We sat down with one of the most brilliant minds at FIT:MATCH, Dr. Jie Pei, whose inventions have shaped the DNA of our company’s solution. Our Chief Data Scientist walks us through her extensive research over time in breast shape (including a Masters and PhD at Cornell University plus 3 patented methods). She also shares how this 3D problem demands a 3D solution.
Clothing fit is a big challenge for product designers and brings frustrations to consumers. The insufficiency of traditional body measurements (circumferences, widths, lengths, etc.) in describing body shape has been continuously discussed by researchers, yet nothing fundamental in apparel sizing has changed since the 1940s. Amazed and fascinated by the variation in female body types, I dedicate my career to solving fit problems by:
Among all body segments, the breasts have the most complicated 3D shape with tremendous variations among individuals.
Moreover, most upper body fit issues (for items ranging from blouses to body armor) occur in the bust area. Therefore, I primarily focused on breast shape during my seven years at Cornell. 3D scanning has been commonly used to study body shape for product development purposes. My skills in programming allow me to experiment with new ways to view and analyze 3D body scans.
For my master thesis, I proposed categorizing breast shapes based on ratios and angles, using a vast total of 66 nontraditional measurements. In my PhD study, I proposed the use of 2D topographical plots to evaluate breast shape and breast asymmetry. In the final years of my PhD, I proposed the 3D mapping method that takes advantage of all the points on the scan surface to capture the shape information in 3D. I was also able to integrate the 3D information to the design of a sizing system and I proposed solutions to select fit-models and to recommend sizes to consumers. Thus, my work has progressed from 1D (linear) measures to full 3D analysis (Fig.1).
3D contains far more information than 1D or 2D. 2D information can be easily extracted from 3D. But the other way around is much harder, because there could be thousands of different shapes for a certain combination of measurements. Similarly, it’s hard to distinguish sizes solely by measurements. 36C and 36D, for example, will have large overlapping, if not completely the same, measurements. Breasts have such complicated shapes that 2D is not enough (study after study has proved this), let alone to rely on 2D to account for breast density and many other factors. 3D, on the other hand, accounts for all the factors.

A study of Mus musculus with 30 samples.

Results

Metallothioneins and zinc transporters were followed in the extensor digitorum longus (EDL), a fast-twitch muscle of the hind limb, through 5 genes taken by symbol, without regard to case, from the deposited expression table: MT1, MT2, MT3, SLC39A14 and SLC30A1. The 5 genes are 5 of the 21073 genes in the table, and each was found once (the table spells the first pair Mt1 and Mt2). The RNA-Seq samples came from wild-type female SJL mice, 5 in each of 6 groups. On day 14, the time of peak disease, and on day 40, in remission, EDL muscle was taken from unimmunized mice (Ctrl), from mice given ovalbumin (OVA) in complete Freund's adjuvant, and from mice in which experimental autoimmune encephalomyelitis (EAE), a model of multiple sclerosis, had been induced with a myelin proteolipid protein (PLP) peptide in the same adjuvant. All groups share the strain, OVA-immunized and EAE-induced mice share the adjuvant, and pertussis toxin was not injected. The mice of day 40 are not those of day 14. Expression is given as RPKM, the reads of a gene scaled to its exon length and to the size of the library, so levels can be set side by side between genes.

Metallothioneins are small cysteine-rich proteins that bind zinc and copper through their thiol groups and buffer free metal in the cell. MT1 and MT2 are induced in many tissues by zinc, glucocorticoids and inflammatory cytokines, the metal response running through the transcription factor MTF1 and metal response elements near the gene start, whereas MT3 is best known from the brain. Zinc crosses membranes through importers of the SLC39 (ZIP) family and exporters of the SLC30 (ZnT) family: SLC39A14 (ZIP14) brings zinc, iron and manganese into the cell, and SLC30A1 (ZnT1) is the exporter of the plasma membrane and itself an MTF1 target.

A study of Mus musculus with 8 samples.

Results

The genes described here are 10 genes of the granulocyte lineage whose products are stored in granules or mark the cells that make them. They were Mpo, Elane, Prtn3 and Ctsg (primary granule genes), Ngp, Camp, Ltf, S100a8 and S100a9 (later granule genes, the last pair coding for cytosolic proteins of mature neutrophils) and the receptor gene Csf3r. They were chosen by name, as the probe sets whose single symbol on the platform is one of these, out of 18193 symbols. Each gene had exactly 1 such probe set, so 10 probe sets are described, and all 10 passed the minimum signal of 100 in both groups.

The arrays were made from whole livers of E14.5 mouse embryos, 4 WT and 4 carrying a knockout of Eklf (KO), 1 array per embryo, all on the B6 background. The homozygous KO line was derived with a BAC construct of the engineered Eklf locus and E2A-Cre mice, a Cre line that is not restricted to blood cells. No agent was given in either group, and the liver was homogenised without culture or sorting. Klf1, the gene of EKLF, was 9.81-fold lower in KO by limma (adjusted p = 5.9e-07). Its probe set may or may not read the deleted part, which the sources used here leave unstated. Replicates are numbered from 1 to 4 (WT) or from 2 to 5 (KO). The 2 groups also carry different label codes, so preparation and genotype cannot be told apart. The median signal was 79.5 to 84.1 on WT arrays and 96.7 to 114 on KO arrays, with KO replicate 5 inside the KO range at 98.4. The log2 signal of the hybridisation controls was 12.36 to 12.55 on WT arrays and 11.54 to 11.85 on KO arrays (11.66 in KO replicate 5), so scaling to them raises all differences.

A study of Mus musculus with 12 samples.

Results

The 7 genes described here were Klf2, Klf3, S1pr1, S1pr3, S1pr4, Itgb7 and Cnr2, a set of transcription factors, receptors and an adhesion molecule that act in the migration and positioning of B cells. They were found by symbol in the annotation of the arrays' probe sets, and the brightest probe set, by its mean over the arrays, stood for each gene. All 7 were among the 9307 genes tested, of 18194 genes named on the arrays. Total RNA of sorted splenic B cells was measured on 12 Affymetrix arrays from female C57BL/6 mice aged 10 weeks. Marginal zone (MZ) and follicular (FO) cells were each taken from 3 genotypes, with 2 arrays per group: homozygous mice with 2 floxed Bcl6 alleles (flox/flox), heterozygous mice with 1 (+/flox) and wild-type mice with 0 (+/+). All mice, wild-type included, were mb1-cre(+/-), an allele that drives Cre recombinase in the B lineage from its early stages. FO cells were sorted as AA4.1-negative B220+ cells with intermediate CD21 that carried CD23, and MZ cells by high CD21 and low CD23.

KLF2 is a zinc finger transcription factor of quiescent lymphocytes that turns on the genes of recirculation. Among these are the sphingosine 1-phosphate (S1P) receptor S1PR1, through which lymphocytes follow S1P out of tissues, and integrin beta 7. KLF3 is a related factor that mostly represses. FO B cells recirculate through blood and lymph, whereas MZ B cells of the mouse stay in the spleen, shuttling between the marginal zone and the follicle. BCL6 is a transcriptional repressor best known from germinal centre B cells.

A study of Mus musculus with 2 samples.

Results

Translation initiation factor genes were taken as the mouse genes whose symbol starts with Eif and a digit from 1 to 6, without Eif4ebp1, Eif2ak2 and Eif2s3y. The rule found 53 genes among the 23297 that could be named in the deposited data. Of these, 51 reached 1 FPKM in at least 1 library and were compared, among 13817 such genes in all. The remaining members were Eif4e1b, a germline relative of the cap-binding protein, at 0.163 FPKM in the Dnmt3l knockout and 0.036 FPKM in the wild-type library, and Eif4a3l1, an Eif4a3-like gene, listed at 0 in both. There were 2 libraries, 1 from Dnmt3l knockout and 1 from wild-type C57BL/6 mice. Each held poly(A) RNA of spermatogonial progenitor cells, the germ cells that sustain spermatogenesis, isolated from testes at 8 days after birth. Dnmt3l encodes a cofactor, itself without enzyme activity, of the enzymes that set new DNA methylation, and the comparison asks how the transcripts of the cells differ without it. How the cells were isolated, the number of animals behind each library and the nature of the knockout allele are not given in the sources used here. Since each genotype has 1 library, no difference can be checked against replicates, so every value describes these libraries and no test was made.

In short, a 3D question requires a 3D solution.
My 3D method is the first true 3D system ever developed to categorize body and breast shape. It includes a new way to align body scans for mapping, which allows for a standardized reference point and facilitates the automation of handling 3D body scan data. It moves away from the total reliance on measurements, and allows customers to find their sizes accurately based on their shapes. (Details of the 3D method have been fully documented in our recently granted US patent).
As a result of failing to incorporate breast shape information, many bra sizing systems are fundamentally flawed. Brands struggle to make their sizing system more inclusive to the ever more diverse body shapes, satisfying the needs of the smaller and larger chested customers. The existence of “sister sizes”, where a woman who wears 34C can potentially also fit into a 36B or even a 32D bra, brings confusion to customers.
Up to 85% of women wear the wrong size bra.
In addition, there is a lack of standardization in bra sizing, leaving bra sizes/fit to vary greatly by designs and companies. Each company has their own rules of converting the bust under bust difference into letter graded cup sizes, and the offset can range from 0 to 6 inches. Lastly, the practice of Vanity Sizing, where companies deliberately alter size labels to flatter, smaller-busted consumers by indicating that bigger than actual sizes are the right fit, exacerbate the inconsistency. Despite all this, and the increased diversity in breast shapes, bra sizing systems have not changed fundamentally since 1935. No major development of a scientific and practical method that improves bra sizing fundamentally has been developed. It is a hard problem to tackle, yet mobile body scanning technology and the emphasis on shapes can be a game changer.
Being a girl who loves challenges and aims to fix real-life issues, I developed the 3D mapping method specifically with all these pain points in mind. And the patent itself is not just a better size recommendation solution. For example, finding ideal human fit models has always been a challenge for the industry. There was no reliable selection criteria for fit models. My 3D solution, however, takes advantage of the company’s existing customer base (or their targeting demographic), builds out a shape matrix by collecting scans, and for the first time, offers a shape-based solution to help the company select fit models from this customer base. Moreover, with the power of LiDAR mobile scanning technology and the ability to collect tens of thousands scans/shapes every minute through smart phones, we can inform bra designers, pattern makers, manufacturers on critical shape-based fit information.
At FIT:MATCH, we can help fix the traditional bra sizing systems, and bring revolutionary change to the industry. This is my ultimate goal and passion. FIT:MATCH aligns with my vision, and has all the right resources to make it happen. My work has grown immensely since I joined the team a little over a year ago. Our team inspires me and sparks innovation. This has encouraged me to invest the best outcomes of my 7 years of hard work at Cornell into FIT:MATCH.The best is yet to come!